Israeli Prime Minister Binyamin Netanyahu and his wife, Sara, visited the grave of Rabbi Eliyahu Ben Shlomo Zalman on Sunday, as part of the first state visit by a sitting Israeli premier to Lithuania.

Better known as the Vilna Gaon [Hebrew for ‘Genius’] or alternatively as the Gra [a Hebrew abbreviation for Gaon Rabbi Eliyahu], Rabbi Zalman was the most prominent rabbinic figure in the growing Jewish community of Vilnius in the mid-to-law 18th century.

Known for his outspoken opposition to the nascent Hasidic movement, the Vilna Gaon was a prolific writer, penning commentaries on the Hebrew Bible, the Mishnah, the Talmud, and the Shulchan Aruch.

The Netanyahus were accompanied on their visit to Rabbi Zalman’s grave by Linas Linkevicius, the Foreign Minister of Lithuania.

The Prime Minister and his wife also visited the National Library of Lithuania’s Jewish Books Division in Vilnius to learn more about the city’s rich Jewish history.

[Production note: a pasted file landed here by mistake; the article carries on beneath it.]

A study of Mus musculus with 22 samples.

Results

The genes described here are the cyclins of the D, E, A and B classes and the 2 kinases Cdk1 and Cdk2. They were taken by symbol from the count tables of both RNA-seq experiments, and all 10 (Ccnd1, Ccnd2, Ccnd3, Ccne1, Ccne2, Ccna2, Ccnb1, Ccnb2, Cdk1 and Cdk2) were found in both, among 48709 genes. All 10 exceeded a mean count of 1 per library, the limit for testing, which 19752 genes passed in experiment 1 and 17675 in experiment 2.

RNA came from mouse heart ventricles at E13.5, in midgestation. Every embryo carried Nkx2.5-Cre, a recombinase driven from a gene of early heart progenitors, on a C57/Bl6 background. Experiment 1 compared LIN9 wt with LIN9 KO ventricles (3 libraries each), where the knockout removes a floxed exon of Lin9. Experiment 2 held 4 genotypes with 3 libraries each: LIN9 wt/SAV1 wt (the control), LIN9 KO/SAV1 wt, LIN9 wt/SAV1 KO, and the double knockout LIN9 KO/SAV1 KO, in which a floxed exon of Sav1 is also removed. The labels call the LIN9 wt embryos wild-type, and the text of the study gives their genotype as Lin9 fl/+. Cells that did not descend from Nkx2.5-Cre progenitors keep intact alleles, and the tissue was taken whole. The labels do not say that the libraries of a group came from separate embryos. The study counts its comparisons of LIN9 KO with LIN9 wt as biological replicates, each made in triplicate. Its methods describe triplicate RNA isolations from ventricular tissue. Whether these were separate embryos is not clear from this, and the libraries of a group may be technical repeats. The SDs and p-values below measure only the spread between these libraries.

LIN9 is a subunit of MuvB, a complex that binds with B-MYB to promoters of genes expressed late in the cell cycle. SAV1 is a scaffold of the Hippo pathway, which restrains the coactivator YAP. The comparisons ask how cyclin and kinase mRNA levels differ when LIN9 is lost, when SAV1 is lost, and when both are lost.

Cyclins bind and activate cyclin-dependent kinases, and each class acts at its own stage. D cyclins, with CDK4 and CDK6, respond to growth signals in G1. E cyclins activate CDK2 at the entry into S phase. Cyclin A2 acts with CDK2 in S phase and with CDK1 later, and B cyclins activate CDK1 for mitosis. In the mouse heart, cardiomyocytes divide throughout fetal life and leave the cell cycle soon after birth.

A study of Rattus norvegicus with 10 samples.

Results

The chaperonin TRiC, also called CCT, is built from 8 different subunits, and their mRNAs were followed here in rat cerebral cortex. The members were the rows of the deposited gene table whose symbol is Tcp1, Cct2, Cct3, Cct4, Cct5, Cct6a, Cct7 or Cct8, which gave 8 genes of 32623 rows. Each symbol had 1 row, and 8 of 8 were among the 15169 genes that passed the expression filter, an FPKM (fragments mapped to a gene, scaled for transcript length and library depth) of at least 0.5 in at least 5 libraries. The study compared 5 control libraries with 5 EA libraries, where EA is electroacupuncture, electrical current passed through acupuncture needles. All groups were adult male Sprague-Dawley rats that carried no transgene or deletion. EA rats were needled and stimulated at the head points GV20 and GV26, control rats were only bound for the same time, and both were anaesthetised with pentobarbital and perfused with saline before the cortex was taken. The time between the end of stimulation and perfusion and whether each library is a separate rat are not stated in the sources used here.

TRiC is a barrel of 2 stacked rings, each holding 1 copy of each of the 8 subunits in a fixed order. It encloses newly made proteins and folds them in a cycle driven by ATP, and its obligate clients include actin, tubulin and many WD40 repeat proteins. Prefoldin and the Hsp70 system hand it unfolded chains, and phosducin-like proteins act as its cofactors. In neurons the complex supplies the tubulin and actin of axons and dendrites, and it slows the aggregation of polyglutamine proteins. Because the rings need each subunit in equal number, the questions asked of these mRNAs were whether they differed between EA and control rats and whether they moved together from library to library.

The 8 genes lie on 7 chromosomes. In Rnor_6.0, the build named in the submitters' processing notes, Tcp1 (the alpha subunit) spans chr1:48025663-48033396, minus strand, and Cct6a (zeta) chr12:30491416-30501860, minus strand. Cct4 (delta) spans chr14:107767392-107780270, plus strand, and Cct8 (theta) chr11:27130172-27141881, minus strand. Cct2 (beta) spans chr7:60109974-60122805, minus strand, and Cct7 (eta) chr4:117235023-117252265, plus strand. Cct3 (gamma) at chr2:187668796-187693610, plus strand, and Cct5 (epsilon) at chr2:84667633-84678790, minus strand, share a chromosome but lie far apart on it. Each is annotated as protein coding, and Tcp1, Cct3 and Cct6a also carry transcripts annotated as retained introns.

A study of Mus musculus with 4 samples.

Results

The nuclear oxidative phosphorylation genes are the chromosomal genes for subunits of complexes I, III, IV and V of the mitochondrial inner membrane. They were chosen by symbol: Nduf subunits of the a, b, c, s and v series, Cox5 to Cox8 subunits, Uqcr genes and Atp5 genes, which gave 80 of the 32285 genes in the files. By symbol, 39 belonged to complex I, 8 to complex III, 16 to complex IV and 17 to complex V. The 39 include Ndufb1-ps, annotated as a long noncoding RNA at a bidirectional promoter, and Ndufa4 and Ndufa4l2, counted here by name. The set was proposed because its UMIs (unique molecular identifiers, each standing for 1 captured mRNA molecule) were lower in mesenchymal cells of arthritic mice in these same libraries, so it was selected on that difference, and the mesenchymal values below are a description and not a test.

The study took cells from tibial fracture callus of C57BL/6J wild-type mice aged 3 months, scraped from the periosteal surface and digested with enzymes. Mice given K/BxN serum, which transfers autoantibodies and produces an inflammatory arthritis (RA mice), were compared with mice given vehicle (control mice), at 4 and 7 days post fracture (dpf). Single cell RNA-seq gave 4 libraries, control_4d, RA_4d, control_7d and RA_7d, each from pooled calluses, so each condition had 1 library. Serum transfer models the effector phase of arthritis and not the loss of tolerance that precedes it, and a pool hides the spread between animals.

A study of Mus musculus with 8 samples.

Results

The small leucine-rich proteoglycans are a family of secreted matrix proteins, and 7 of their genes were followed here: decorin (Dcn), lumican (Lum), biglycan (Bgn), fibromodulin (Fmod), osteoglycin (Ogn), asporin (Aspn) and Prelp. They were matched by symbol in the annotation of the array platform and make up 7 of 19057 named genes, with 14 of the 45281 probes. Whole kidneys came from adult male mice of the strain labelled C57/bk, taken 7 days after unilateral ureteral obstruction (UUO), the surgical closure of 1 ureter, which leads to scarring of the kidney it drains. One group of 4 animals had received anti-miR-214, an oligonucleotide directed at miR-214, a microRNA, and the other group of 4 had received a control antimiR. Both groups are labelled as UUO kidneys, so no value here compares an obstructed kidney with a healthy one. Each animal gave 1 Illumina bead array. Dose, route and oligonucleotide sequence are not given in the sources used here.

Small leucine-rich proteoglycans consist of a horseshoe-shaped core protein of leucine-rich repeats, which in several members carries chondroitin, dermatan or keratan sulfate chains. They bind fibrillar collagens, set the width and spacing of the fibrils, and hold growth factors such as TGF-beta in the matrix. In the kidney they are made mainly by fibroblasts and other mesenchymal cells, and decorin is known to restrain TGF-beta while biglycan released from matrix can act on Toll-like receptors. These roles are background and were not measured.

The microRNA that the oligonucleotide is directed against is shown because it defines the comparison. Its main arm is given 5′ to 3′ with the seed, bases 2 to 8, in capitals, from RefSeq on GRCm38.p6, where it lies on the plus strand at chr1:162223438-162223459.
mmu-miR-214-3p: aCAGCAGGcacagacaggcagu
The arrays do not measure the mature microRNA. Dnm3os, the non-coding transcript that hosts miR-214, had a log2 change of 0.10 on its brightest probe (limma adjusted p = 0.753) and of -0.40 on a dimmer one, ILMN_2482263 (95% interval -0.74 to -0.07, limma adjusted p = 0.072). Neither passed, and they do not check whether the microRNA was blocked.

The curator of the division, Dr. Lara Lempertiene, met with the Netanyahus, and showed them antique books from libraries throughout Lithuania before the Holocaust, including a commentary on the Book of Psalms from 1512 and writings by the heads of yeshivas in Lithuania, children's books, and textbooks in Yiddish from the Lithuanian education system from before World War II, as well as and the writings of Zeev Jabotinsky, Chaim Nachman Bialik and Saul Tchernichovsky among others.

“What a rich world this was; what has been lost!" lamented Netanyahu.

"We are at the Lithuanian National Library. There is a treasure here from 'Jerusalem of Lithuania' beginning with books from the Gaon of Vilna and commentaries on the Book of Psalms through the letters of Bialik.

“I am very moved to see here a postcard from Tchernichovsky. My father edited Tchernichovsky and Tchernichovsky recommended my father to Alexander Aaronsohn. Bialik was in the same yeshiva with my grandfather, in Volozhyn.

“There is an immense treasure here. Here you see how the Jews lived. There are Hebrew textbooks from 1937, a Shachar notebook; what excellent Hebrew.”